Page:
Yahoo Weather

You are here

HUNTING & FISHING ENTHUSIAST: September 11 —

As residents of Arkansas, we have the opportunity to enjoy the beautiful colors of fall. We are blessed with a vast array of foliage in the natural state. We have varied sections of the state with their own colors of fall. There is the Ozarks, River Valley, Ouachita and of course the delta regions.

When the leaves start turning colors on a hunter, he needs to consider changing his hunting practices and camo attire. Right now hunters are enjoying the coverage of lush green grass and trees. Our dove hunt last week was very enjoyable. The leaves were still fresh and green. The Bermuda grass was at least 6” tall in the pipeline right of ways. It was easy to be quiet and stealth with the leaves still on the trees and the grass so soft and flexible. The last couple of years of droughts were not so nice to hunters. By this time in 2011 and 2012, the trees were going in a dormant state. Dried grasses and leaves were all over the ground. Good cover was gone and walking through the woods full of dead leaves and grass gave the disadvantage to the hunter. The noise of cracking leaves was like a warning bell for deer and fowl.

Early Teal season will be advantageous to the hunter this year. There is plenty of natural cover around all the water impoundments where the ducks will land. But this natural cover won’t last the whole hunting season. Remember, when the weather starts to change, the surroundings you hunt in will start to change.

The mixture of all the beautiful colors of October and November; yellows, browns, reds, purples, and oranges, are just a breath taking sight in this wonderful place we call home. When the leaves start turning, the environment you hunt in will change. When the forest is becoming gold, yellow and brown with turning leaves, don’t wear your green camo to the woods. These days a hunter has to know how to be flexible and dress for the environment he will be hunting in.

There is a huge uncontrollable factor in the color changes each year. That factor is called the weather. If we experience hot, dry summers, the foliage season won’t be as colorful or last near as long. In hot, dry summers trees start to shut down early to survive because of drought conditions. This affects the leaves changing color in the fall. An early frost can also put an end to the foliage season. A normal summer with a mild fall season means a good foliage process for the hunter to stalk his prey in. A good hunter is aware of the forest conditions he intends to hunt in at all times.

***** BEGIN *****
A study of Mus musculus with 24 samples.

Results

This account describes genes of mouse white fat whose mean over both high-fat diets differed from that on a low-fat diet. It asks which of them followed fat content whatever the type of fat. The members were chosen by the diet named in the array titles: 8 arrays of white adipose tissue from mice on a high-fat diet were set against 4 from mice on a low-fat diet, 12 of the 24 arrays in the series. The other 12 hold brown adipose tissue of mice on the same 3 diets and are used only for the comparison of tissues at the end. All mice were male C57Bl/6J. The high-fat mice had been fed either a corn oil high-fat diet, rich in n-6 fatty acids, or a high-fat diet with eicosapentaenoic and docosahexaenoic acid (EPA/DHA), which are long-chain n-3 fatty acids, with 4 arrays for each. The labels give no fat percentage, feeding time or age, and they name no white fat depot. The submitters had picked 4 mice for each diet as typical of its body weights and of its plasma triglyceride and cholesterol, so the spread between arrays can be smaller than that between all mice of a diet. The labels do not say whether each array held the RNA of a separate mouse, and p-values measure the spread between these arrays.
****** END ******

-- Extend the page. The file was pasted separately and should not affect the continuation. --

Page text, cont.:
In normal fall weather patterns, trees sense the shorter days of sun light. The trees start the process of preparing for winter. The leaves on trees are actually the food processing centers for the trees and have done their job in producing enough food to be stored by the trees during winter for survival. Although during the last couple of years of draught conditions, a lot of trees have died as a result of the lack of proper food storage by the tree. Most of those dead trees are still in the woods. It is possible for a hunter to be faced with two different camo patterns in the early season of hunting this year. Just pick the one you feel will meet the majority of your needs.

At the point where the leaf’s stem is attached to the tree, special cells are grown by the tree in the early fall and actually pushed between the stem and the tree, eventually separating the leaf from the tree. At the same time this is going on, the tree is also sealing the severed place where the stem was attached to protect itself from bugs and diseases. The hard winds of early winter will start blowing leaves right off of the trees.

At this point the hunter will be facing a different set of surroundings and once again the hunter must adapt to the environment he has chosen to hunt. That adaptation for late fall/early winter hunting can be as simple as a color adaptation to your camo, re-positioning a blind to a more suitable and secluded area, or putting more cover on an existing blind.

The fall foliage only lasts a short time so enjoy it while you can and be flexible while hunting your prey in the field. The color change starts sometime in late September to early October. The peak time for color change will usually be in late October. Because of the areas elevations, the River Valley and Ouachita’s will start their color change around the first of October, with the peak being around early November. As for the Delta Region, the color changes occur from early to mid-November.

Whatever region you are planning to hunt, I hope you have good luck with your endeavors.

Close
The Greenwood Democrat website is available only to print and digital subscribers. If you are already a subscriber, you can access the website at no additional charge.